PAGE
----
At a shareholders meeting yesterday, Apple clarified its position on the massive data center they’ve been building in Maiden, North Carolina confirming that launch is set for a Spring 2011 and it will to host the iTunes and MobileMe services. Many, however, have speculated in the past months whether the move of iTunes to the cloud would bring a new way of streaming songs and albums sold in the iTunes Store through a monthly subscription, or an easy-to-use way of uploading your personal media to the cloud.
According to a new report by the Financial Times, the iTunes online service will simply function as a backup solution for your music collection, which will be available over the internet on all Apple devices.
Apple, which rocked digital music services such as Pandora, Rdio and MOG last week by announcing plans to keep 30 per cent of all revenues from subscriptions taken out through its App Store, has clarified its plans for using remote storage, known as the cloud, according to several music industry executives.
More than a year after buying Lala, a cloud-based digital music service, Apple is now looking to use the cloud mainly to allow users of its iTunes store to back up their collections and access them from any Apple device.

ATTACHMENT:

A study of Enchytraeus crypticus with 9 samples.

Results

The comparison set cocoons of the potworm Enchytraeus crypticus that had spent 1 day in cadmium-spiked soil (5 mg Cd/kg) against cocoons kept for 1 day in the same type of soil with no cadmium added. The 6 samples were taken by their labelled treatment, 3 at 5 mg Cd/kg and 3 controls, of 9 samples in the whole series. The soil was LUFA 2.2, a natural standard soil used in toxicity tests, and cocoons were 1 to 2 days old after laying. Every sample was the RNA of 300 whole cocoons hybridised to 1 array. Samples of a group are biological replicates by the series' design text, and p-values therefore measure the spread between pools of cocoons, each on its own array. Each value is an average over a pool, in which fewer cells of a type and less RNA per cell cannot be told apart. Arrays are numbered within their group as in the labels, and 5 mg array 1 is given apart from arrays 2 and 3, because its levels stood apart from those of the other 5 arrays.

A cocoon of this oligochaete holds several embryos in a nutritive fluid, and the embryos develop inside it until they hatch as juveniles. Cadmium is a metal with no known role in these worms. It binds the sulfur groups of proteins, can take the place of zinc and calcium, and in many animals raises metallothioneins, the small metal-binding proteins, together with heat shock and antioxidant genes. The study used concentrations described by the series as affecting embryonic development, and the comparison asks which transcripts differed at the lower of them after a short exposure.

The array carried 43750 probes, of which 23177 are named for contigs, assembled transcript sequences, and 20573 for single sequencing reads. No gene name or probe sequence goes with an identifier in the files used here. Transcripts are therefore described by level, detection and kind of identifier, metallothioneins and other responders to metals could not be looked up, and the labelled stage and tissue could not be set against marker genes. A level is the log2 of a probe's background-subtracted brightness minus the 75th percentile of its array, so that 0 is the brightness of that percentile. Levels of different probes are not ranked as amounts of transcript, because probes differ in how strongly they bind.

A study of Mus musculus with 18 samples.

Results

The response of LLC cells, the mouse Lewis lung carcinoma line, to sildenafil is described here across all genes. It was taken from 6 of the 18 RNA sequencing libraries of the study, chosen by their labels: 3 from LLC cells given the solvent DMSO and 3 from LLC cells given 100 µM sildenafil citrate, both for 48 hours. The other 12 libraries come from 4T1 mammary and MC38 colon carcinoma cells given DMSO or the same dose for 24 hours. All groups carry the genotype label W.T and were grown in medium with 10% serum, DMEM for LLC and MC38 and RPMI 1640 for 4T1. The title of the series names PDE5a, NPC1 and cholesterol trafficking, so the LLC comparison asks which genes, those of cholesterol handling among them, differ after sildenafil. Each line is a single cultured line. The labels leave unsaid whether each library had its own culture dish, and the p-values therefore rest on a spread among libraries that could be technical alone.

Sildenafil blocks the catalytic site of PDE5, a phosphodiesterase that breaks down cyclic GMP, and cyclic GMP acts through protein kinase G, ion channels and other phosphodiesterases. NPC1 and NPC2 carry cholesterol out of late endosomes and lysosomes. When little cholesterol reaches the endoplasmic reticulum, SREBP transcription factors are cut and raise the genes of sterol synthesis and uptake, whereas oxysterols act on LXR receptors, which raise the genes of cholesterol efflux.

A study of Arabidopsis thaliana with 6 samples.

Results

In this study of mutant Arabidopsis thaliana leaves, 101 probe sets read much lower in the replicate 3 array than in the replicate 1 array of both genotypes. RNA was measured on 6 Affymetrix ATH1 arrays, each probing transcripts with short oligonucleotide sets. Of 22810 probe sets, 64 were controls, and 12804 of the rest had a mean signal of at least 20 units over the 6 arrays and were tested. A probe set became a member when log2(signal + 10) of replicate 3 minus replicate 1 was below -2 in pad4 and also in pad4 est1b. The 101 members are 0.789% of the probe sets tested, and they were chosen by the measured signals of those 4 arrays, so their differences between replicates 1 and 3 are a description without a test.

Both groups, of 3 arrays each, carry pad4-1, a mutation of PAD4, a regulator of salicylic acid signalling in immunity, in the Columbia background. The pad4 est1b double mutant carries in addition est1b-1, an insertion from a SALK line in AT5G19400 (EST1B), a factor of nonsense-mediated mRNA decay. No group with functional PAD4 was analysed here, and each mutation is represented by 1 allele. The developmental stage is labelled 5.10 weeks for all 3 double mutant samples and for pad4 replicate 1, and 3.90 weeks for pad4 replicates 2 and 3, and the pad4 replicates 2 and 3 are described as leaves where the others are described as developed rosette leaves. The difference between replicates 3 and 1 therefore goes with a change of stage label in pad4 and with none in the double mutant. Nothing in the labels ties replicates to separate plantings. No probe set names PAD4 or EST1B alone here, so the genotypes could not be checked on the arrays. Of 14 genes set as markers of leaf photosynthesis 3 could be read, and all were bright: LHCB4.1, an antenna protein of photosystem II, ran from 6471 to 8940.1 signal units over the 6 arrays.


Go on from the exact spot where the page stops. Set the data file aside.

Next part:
One person with knowledge of Apple’s plans said the company did not want to undermine the market that it dominates for paid downloads, likening its plans for the cloud to “insurance”.
Rumors surfaced in the past weeks suggested Apple was working on a new version of MobileMe that would work as a “locker” for your personal media, stored in the cloud and accessible from all your Mac and iOS devices. Such a system would not compromise Apple’s lead in the digital music distribution market, but would let users upload their music to an online service always available. In the meantime, Google is rumored to be finalizing the details of its Google Music service for Android devices, and European company Spotify is reportedly nearing a U.S. launch after closing deals with major music labels. Spotify lets you stream any song available in the service’s online library through a monthly Premium subscription; it appears at this point that Apple is building the exact opposite, a cloud service that will let you backup / stream the songs and albums you already own.
References of a “MediaStream” service found in the iOS 4.3 SDK suggested Apple might be working on a new platform to allow users to stream their media from the cloud to iOS.